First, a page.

When taking general Chemistry exams sometimes students overestimate their abilities and feel that they have such a good grip of the material that they feel they will score in the 80’s or may even pull off a score in the 90’s if the exam has questions that you have studied for. A few weeks later you get your exam back and you have received a score of 60 percent. You are puzzled and can’t believe your score and think “What went wrong?!”
In general, students tend to overestimate their own abilities. Research shown at the University of Utah that students that can overcome the overconfidence of knowing material tend to do better on exams. The study was done so students could better understand their abilities in accumulating information presented in chemistry. By thinking about their own thinking (most often referred to as metacognition) students boosted their grades by a significant amount. When tested, these students raised their final grade by 10 percent on average. The study done by University of Utah tracked the progress of students with and without their ability to succeed.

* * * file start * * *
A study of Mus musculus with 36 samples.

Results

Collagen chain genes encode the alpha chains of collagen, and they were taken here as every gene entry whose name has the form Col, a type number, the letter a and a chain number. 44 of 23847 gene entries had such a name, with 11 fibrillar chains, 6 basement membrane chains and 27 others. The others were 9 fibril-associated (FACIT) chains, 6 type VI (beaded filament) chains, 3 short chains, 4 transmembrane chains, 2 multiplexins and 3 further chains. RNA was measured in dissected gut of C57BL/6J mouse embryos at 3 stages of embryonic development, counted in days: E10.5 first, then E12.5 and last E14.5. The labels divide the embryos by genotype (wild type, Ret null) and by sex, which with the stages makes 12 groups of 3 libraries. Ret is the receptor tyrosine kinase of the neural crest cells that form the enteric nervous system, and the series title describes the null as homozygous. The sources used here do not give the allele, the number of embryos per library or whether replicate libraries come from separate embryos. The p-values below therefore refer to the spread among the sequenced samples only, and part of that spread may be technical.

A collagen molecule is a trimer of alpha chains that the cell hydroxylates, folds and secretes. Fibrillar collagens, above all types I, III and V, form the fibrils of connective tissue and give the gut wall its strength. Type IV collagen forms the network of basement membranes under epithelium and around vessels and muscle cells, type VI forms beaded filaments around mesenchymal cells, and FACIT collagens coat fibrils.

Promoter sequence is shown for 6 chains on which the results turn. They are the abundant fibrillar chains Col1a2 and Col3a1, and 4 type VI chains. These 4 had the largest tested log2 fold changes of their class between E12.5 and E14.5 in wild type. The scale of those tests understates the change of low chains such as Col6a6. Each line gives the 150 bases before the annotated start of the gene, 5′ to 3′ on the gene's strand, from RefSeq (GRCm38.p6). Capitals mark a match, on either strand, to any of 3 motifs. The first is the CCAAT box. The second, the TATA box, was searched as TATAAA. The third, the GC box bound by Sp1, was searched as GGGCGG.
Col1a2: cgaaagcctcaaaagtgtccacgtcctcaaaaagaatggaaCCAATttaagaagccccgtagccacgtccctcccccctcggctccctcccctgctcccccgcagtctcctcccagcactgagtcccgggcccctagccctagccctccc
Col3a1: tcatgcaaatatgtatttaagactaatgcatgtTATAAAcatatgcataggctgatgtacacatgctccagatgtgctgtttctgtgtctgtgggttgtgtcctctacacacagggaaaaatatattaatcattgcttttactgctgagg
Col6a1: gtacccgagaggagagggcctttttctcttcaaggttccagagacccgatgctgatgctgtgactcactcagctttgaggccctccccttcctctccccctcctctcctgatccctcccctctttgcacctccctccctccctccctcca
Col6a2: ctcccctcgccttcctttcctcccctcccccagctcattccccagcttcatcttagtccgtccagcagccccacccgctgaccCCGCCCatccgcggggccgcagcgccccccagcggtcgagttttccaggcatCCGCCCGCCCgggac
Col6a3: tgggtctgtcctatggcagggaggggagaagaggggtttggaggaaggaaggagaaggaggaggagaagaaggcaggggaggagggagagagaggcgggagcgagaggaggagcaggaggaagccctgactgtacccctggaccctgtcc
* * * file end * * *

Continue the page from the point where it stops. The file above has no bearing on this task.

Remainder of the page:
The study covered students in the first semester of general chemistry. The study was expanded into the second semester. The students had no metacognition training. The students who were successful asked themselves questions like “What does this question ask me to do?” or “How does this relate to what we are doing in class?””why are we being given this question?” as some examples. This is the metacognitive training part. If these students asked these questions regularly their grades improved exponentially.
The researchers believed that these questions could not only be limited to chemistry but also may be able to be applied across disciplines. This is a principle that could be universally applied to learning. This concept has been applied to learning for centuries.